23rd September is Bi Visibility Day, a time for bisexual people and our allies to stand up and celebrate an identity often erased and invisible in both straight and LGBT circles.
Bisexual means a person attracted to people of more than one gender. It’s also used as an umbrella term for all polysexual identities:
Tips on How to be a Bi Ally
- say or imply that bisexuality isn’t real, doesn’t exist, or is a just phase
- say or imply that bisexuals are greedy, promiscuous, confused, indecisive, attention-seeking straight people or closeted gay people
- ask us to ‘pick a team’
- assume that we no longer identify as bi because we are in a monogamous relationship with a person of a particular gender
- ask for ‘proof’ of our identity in our current dating behaviour or past experiences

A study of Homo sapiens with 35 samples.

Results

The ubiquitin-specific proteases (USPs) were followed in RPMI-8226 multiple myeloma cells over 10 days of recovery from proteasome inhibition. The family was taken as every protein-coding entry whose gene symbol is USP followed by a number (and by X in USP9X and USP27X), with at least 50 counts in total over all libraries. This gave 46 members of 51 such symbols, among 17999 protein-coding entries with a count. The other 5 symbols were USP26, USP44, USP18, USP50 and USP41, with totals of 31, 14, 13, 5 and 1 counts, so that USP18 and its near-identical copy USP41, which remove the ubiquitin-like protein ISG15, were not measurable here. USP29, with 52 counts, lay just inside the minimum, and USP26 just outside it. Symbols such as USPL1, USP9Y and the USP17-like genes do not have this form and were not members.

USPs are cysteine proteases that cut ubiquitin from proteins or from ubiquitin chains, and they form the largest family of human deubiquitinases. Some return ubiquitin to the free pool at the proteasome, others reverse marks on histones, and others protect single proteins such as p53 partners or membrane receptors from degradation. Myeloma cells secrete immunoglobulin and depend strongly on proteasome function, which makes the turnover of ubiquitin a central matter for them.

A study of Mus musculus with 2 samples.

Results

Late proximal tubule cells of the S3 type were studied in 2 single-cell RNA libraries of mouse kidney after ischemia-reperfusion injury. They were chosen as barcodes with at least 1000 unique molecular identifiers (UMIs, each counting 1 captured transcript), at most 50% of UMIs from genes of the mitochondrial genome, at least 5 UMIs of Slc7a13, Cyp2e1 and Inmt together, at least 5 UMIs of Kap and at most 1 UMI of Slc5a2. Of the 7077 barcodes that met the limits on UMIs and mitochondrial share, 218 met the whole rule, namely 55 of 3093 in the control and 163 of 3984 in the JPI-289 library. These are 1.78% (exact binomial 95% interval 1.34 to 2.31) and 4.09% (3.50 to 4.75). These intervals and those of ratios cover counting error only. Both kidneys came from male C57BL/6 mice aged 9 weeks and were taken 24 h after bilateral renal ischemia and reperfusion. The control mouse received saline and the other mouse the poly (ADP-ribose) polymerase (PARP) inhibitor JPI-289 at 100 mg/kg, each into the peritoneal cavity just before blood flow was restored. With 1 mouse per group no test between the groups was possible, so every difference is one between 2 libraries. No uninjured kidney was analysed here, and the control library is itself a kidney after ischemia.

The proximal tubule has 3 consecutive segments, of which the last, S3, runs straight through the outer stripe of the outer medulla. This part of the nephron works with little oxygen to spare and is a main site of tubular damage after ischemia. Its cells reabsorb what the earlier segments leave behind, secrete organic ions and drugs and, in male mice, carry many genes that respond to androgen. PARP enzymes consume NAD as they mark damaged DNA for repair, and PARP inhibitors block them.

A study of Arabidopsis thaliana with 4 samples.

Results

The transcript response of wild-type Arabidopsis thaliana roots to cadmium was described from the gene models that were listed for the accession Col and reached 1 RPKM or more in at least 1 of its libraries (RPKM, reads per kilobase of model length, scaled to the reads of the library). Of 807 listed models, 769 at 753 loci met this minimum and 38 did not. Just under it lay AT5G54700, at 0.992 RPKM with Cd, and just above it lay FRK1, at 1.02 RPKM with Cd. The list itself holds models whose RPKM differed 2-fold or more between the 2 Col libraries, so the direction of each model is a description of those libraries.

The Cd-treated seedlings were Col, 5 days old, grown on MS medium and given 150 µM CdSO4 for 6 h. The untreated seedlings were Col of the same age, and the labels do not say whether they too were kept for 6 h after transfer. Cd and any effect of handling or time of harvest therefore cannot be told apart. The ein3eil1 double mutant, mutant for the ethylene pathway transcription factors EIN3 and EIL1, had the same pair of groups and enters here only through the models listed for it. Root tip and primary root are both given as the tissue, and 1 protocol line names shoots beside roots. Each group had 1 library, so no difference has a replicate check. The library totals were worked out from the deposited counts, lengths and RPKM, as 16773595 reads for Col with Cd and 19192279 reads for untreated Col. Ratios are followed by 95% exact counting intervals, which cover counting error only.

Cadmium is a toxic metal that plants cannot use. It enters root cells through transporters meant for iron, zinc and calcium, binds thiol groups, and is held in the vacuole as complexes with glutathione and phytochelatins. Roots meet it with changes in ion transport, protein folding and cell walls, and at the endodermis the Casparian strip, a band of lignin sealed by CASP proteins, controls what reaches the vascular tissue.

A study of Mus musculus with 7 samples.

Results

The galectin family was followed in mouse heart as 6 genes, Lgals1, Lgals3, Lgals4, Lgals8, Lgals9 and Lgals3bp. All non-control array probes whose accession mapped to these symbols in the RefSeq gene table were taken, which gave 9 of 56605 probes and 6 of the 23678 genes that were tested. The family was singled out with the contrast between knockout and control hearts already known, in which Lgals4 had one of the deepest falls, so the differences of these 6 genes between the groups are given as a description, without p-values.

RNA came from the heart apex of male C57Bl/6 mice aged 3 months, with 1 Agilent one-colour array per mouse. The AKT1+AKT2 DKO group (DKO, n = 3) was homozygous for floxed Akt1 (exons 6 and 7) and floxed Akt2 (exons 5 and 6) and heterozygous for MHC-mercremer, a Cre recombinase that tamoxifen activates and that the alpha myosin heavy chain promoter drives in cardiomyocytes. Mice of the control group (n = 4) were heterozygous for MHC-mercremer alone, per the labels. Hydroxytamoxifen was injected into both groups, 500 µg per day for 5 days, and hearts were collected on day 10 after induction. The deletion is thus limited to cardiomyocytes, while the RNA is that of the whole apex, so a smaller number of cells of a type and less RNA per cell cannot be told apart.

- say or imply that monosexual (straight or gay) identities are more valid.
- respect people’s identities when they share them with you
- recognise that bisexuality is a spectrum, and includes a range of identities
- know that some us identify somewhere on the Kinsey Scale, and others find it outdated, binary and not reflective of our diverse identities
- call out biphobia whenever you encounter it
- inform yourself about the higher rates of depression, anxiety, self-harm and suicide among bisexual people and the higher rates of sexual violence and domestic abuse experienced by bisexual women
- read up on bisexual inclusion research
- take the Monosexual Privilege Checklist test
- make us a nice cup of tea.
To mark Bi Visibility Day, we’ve launched our Tackling Biphobia: A Guide for Safety Services factsheet today- check it out for information on how to approach biphobia and biphobic hate crime.